Sunday 30 December 2018
INDIA: Parliamentary Panel Criticizes Airlines For Overcharging, Misbehavior, Long Ques, And Poor Food
A parliamentary panel on Dec. 27 criticised aviation firms for overcharging, staff misbehaviour, unsatisfactory check-in, and poor luggage collection services, among other things.
What the passenger wants is a quick check-in, without long queues, and a smooth process of security check. Despite the huge claims of airlines regarding the check-in process, the committee is compelled to observe that the check-in counters are in a mess, especially those of low-cost airlines such as IndiGo, said the parliamentary standing committee on transport, tourism, and culture in a report (pdf) tabled in the Rajya Sabha, the upper house of Indian parliament.
It mentioned incidents of a few private airlines deliberately creating long queues at check-in counters to ensure that passengers miss their flights, and then persuading them to buy exorbitantly priced tickets for the next available ones.
The report recommended that the number of check-in counters and people deployed at the counters must be directly proportional to the number of flights each airline operates from an airport.
However, responding to the panel’s observations, the government indicated it may not be able to do much about it.
Check-in process, check-in counters, and collection of luggage are commercial issues and the government does not interfere with the commercial activities of the airlines.
Further, there is no regulation issued by the aviation regulator, DGCA or directorate general of civil aviation in this regard, the ministry of civil aviation was quoted in the report.
The parliamentary committee had other complaints, too.
It came down heavily on low-cost airlines for providing unsatisfactory food, even when passengers are charged for it. Every airline should maintain the highest quality of food and they should also change the menu occasionally instead of keeping a cold sandwich in their menu throughout the year, the report said.
It noted that since there are no uniform standards for imposing charges for rescheduling, cancellation, and no-show, such levies by airlines are often arbitrary today. Airlines should not charge over 50% of the base fare as cancellation charges, it suggested.
The committee pulled up IndiGo, India’s largest airline by market share, for staff misbehaviour.
Our committee is very clear that the worst performing airline for consumers is IndiGo. They haven’t responded in spite of many complaints. IndiGo even charges for 1-2 kg overweight, this has not been taken very well and the committee is looking into the matter seriously, chairman of the committee, and member of parliament, Derek O’Brien said at a press conference after the report was tabled in parliament.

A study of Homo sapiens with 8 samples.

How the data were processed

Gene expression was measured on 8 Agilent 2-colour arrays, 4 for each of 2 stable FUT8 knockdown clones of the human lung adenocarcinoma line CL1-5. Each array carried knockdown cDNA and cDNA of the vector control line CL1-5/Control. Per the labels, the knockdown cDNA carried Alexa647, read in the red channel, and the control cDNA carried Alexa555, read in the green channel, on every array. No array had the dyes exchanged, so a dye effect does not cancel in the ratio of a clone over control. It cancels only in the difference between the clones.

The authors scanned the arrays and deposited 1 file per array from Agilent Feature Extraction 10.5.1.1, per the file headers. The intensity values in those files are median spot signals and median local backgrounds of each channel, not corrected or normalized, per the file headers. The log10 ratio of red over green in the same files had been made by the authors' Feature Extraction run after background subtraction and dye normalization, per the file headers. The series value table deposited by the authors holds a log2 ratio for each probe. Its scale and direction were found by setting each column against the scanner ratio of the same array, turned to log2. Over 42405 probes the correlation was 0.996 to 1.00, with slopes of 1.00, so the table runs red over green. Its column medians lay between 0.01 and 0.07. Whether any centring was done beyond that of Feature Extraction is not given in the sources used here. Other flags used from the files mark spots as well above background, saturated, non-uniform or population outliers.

IndiGo, however, defended itself. We evaluate every complaint/feedback rigorously and develop training modules keeping the customer sentiment in mind, IndiGo responded.
The report comes at a time when most major airlines in the country are trying to cut corners and squeeze the last penny out of their various services, struggling as they are on multiple fronts.
Profitability in the industry has taken a severe beating as companies battle high fuel prices and unfavourable currency exchange rates. Airliners like IndiGo, SpiceJet, and Jet Airways have seen their finances worsen in the past two quarters.
The lawmakers’ criticism is something the industry could have dealt with before, to avoid such critisism.
However, the commitee The Committee is happy to note that the heliport at Rohini has been operationalized.
The Committee is of the view that the helicopter industry has tremendous potential to provide services in the tourism sector, disaster management etc.
The Committee desires that more such heliports may be set up throughout the country. The Committee reiterates its earlier
recommendation that Air India and Pawan Hans can work together to ensure seamless travel on hub and spokes basis- bringing passengers from smaller places to various tourist spots.
The Committee feels that the development of un-served and under-served airports would give a major boost to air connectivity to various small cities and towns.
It will further give a fillip to the economic development in these areas in terms of job creation and infrastructure development.
There should not be any unreasonable restriction on the allocation of fund to the demands of the Ministry of Civil Aviation as the money spent will spur the overall growth of the country especially in view of the Regional Connectivity Scheme UDAN.
The Committee takes note of the initiatives taken under RCS. Air connectivity is the main mode of transport for majority of the population of North East to other parts of the country and these States are demanding overall economic development.
The Committee feels that better air connectivity is the only solution to opening up the economy of North Eastern States. Therefore, the Committee notes that it is very essential to give a preferential treatment to the North Eastern States as far as air connectivity is concerned.